World calamities grip Catholic Relief Services Huge task of giving aid wears down workers.


For five days last month, David Holdridge traveled by jeep among thousands of starving refugees in northern Iraq. He covered some 3,000 miles and hardly slept. Not long after his arrival, time came to lose meaning for him.

"Days have no significance in a situation like that. For a thousand bucks, I couldn't have told you whether it was Wednesday or Saturday," says the official with Catholic Relief Services, a Baltimore-based international aid organization.

Holdridge, who monitors Europe, Asia and parts of Africa for CRS, was in Iraq to get a first-hand look at the grim conditions there. He and CRS officials from other countries were trying to determine how the organization can continue aid to Iraqi war refugees and residents of the Baghdad area, a prime target of allied bombing during the Persian Gulf War.

Since last August, when Saddam Hussein's invasion of Kuwait led to international sanctions against Iraq, CRS has supplied Iraqi war victims with food, oil, medicine and other supplies valued at $4 million.

According to Holdridge, the Iraqi government has the capacity to pay for such supplies and seems to understand that it must make that effort or face the devastation of the country.

"Iraq's government must do this for its people to survive and for the country to stay intact," he says.

Back in Baltimore since last Wednesday, Holdridge has found that his work days aren't much easier than they were in Iraq. In recent months, he says, he and other CRS workers have averaged 13-hour days, seven days a week, at the organization's headquarters in the 200 block of W. Fayette St.

"My job has become very tiring, both physically and mentally, and I think all my colleagues in the relief field would agree that matters in the world are worse now than they've been in the last decade," says Holdridge, who appeared physically tired in an interview yesterday.

During his 10 years with the CRS, Holdridge, 46, has worked in Lebanon, Tunisia, Morocco and Senegal. CRS, founded in 1942, was created by U.S. Roman Catholic bishops to send relief to Third World nations.

The current predicament, Holdridge says, has resulted from more than bad timing -- the Iraqi refugee crisis, an earthquake in Costa Rica and a cyclone in Bangladesh, all within weeks.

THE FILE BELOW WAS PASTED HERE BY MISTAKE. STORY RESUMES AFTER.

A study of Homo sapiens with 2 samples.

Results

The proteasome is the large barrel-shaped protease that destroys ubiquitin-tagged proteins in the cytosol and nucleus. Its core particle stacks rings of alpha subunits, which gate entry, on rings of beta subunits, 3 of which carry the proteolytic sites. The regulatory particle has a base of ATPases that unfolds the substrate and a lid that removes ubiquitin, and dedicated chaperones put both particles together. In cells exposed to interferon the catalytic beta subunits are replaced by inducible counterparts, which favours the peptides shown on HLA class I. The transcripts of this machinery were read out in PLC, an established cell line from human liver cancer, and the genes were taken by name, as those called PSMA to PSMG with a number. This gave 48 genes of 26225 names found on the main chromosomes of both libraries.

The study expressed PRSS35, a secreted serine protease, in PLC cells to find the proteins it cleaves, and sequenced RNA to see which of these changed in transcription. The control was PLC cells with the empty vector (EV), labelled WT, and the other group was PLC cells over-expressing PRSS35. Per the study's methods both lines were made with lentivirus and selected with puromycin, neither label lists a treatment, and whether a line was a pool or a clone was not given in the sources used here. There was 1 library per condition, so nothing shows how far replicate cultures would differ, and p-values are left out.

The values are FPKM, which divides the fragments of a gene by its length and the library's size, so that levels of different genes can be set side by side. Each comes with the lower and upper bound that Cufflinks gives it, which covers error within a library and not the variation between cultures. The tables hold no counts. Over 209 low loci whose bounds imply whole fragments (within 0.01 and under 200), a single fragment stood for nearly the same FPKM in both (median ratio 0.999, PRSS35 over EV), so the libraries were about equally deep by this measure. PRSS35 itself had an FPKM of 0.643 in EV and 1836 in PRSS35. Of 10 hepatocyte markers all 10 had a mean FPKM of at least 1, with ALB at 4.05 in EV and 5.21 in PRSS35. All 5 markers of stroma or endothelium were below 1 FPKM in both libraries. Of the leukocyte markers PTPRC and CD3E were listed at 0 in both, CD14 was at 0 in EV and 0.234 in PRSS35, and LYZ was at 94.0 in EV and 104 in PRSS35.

CRS recently has given $25,000 to the Costa Rican Catholic church for relief supplies, and $250,000 to another Catholic relief group in Bangladesh.

"If all we had to do was provide food, medicine and other materials to people, then our jobs would be pretty simple. Bangladesh and Costa Rica will be repaired in time. What worries us the most are places like Iraq and certain parts of Africa and Eastern Europe, places where political instability creates all kinds of difficulties that linger for years," says Holdridge.

In those regions, CRS and other relief groups give material assistance and lobby national governments to help their own needy citizens. The relief organizations try to convince governments that withholding aid from their people can bring political and economic pressure from the rest of the world community.

"Along with other relief groups, CRS was involved in creating cease-fire zones in Angola and Ethiopia so we could distribute materials to people there," says Holdridge. "We're a small voice, but by doing something like that, we can show that a permanent cease-fire might be possible."

The current spate of international calamities has made matters tough not only for CRS staffers but also for the organization's donors, Holdridge says.

"We've had to go back to our donors, asking them to give on a very frequent basis," he explains, describing most CRS donors as "working and middle-class Americans."

Donors to relief organizations reportedly are more willing to help when a natural disaster strikes. They are less prone to give when a calamity results from a political situation that they may not completely comprehend or sympathize with.

"It requires some courage not to get so stretched thin that we do nothing well," says Holdridge. "On the average, CRS stays in countries of extreme need for 25 years. We don't ambulance-chase. Before the first relief truck rolls in, we've focused on the root causes of the problems in a particular country and decided on a long-term plan. That includes political action. We're not just dropping off supplies and hitting the road."

He says the next major hot spot could be Eastern Europe, where comatose economies and tensions caused by nationalist conflicts could create of refugees into Western Europe.

"That would have a major impact on the amount of relief that industrial nations give to the Third World," says Holdridge. "Western Europe is traditionally a strong donor to Third World countries, but if you see refugees start heading west from Eastern Europe, then everything would change. Western Europe's attention would be fixed right there, in their own back yard."